With the widely-publicized troubles of the Affordable Care Act’s Healthcare.gov website dominating the news for the past month, key employees of industry heavyweights including Google, Oracle and Red Hat are part of the cavalry charge to help the beleaguered website.
According to the Obama administration, Michael Dickerson, a site reliability engineer on leave from Google, and Greg Gershman, innovation director for smartphone application maker Mobomo, are key players in the so-called “Tech Surge.” Julie Bataille, spokesperson for the Centers for Medicare and Medicaid Services says: “They are working through the analytics of what happens on the site to prioritize what needs to be fixed.” The project’s management has since been reorganized, with United Health Group’s Quality Software Services unit now overseeing the entire operation, whereas previously the project did not employ a lead contractor to coordinate the effort of the many contractors and agencies involved in the implementation and deployment of the site.
While the Affordable Care Act is something of a political hot potato, Oracle CEO, Larry Ellison, took a non-partisan stance when questioned about his company’s participation in the Tech Surge at a recent shareholders meeting, stating: “We think it’s our responsibility as a technology provider to serve all of our customers, and the government is one of our customers” he said. “We are helping them in every way we can. I will refrain from editorial comments about what has happened there. I think most of us want to see our government operating effectively.”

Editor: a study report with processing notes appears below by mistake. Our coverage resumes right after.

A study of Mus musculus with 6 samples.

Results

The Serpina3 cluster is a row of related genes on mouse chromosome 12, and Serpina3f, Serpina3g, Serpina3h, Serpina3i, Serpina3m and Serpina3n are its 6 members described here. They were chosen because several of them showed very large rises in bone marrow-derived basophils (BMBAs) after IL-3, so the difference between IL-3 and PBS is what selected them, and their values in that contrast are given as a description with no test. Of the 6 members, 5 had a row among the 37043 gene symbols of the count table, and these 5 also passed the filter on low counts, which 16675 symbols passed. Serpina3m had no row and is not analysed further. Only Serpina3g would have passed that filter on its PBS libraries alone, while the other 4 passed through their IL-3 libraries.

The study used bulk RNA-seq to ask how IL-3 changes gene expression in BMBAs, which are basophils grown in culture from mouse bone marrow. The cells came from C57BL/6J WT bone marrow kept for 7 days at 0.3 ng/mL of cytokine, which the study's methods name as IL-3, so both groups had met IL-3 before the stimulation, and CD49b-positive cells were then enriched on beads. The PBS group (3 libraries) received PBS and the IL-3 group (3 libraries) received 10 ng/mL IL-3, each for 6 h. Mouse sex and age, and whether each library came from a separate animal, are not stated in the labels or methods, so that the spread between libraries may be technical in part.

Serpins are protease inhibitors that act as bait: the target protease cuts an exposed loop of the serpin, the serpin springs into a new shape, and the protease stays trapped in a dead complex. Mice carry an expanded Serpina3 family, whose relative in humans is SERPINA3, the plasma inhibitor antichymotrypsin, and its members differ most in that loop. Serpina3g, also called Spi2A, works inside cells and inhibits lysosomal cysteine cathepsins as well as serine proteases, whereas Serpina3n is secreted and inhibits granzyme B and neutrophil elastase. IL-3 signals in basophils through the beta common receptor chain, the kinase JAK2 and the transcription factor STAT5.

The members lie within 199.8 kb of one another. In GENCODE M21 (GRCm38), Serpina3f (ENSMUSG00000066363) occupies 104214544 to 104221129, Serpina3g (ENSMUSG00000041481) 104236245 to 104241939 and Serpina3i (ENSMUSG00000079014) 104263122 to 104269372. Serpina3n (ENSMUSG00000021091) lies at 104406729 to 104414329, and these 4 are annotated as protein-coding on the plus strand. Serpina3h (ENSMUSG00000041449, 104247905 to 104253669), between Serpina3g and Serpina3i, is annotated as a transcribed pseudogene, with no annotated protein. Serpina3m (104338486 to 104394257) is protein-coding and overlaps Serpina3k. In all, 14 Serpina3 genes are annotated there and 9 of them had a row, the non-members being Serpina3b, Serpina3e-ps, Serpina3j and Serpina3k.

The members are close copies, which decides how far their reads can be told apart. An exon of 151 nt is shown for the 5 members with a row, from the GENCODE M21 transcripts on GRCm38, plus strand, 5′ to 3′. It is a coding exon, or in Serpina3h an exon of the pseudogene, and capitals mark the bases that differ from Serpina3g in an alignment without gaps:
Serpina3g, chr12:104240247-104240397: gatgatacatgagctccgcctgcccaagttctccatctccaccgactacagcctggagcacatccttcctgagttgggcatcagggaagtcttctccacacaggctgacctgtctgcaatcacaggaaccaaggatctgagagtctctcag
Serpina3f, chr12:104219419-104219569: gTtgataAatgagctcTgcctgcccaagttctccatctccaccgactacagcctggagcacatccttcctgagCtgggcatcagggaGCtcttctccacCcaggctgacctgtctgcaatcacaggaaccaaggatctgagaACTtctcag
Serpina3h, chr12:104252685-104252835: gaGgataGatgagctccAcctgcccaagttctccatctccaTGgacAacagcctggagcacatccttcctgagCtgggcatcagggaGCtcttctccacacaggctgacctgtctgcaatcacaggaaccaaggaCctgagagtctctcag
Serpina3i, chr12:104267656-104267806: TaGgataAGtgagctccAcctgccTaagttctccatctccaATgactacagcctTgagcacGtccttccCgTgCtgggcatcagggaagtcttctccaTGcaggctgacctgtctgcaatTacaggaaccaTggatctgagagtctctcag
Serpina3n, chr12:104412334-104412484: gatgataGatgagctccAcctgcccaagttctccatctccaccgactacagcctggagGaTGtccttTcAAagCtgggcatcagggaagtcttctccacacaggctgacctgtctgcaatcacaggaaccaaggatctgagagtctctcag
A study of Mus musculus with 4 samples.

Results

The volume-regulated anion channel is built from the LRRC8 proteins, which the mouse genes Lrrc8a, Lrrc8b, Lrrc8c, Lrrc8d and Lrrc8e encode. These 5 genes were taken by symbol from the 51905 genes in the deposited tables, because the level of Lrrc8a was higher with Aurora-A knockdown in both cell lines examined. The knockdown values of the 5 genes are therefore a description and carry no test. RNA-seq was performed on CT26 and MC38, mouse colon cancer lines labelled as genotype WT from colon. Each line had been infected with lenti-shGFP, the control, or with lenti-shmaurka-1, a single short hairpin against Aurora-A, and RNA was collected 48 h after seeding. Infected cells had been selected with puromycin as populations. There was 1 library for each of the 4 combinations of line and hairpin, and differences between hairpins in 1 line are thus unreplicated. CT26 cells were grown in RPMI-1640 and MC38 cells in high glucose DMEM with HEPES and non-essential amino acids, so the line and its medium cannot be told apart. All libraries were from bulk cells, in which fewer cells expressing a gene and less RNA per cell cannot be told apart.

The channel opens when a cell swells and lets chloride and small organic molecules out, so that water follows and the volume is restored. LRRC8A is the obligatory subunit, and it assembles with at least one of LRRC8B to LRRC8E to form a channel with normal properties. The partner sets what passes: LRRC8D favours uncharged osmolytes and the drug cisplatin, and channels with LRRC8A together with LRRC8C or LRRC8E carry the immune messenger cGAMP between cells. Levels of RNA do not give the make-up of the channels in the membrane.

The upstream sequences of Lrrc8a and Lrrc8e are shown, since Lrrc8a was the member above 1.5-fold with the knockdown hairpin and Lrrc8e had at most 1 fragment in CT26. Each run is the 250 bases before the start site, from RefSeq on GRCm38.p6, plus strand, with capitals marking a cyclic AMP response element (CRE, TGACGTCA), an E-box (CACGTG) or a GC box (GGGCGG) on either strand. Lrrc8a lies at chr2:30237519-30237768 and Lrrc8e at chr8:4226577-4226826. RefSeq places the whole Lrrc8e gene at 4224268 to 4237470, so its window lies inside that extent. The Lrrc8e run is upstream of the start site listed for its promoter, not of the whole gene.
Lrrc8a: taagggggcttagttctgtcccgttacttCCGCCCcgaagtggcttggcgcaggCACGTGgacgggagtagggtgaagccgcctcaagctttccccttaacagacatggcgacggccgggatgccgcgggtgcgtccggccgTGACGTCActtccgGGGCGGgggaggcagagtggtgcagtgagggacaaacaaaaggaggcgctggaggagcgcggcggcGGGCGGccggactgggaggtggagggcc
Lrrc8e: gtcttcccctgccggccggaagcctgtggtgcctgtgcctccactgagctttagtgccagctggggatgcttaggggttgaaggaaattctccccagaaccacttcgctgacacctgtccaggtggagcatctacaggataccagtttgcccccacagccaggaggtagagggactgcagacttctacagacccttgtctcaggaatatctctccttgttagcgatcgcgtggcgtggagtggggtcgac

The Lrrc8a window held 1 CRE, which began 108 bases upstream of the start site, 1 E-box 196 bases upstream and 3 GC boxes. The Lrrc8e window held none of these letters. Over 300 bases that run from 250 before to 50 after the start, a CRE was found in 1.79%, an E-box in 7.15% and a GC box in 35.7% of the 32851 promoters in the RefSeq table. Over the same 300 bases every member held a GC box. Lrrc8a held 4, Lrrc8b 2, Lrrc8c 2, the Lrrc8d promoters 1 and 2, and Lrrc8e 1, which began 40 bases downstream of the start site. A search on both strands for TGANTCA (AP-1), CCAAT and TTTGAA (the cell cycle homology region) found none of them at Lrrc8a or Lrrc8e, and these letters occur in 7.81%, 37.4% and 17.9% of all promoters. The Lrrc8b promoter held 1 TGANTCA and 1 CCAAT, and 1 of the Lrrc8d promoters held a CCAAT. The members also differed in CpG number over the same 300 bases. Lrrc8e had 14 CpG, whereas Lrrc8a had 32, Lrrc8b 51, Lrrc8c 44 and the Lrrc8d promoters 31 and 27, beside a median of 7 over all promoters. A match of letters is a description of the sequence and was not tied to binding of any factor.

About 8.6 million people visited healthcare.gov in the site’s first week of operation, and exposed a number of software flaws and many experienced long waits that prevented many from even getting registered. The site has been taken offline multiple times over the past month for software upgrades and the Obama Administration insists that capacity is being added to the system to handle the traffic it is seeing. Getting the site up and running smoothly, quickly is a top priority, not only for political reasons, but is also critical for the users of the site, who will potentially face fines if they haven’t chosen a health insurance plan by March 31st of this year.
The technological debacle goes beyond any political debate and serves as a shining example of the fact that having the right infrastructure and talented team of technologists in place is essential to creating any significant internet property. There is simply no substitute for building and launching your website the right way the first time, and NationalNet experts are always here to help you.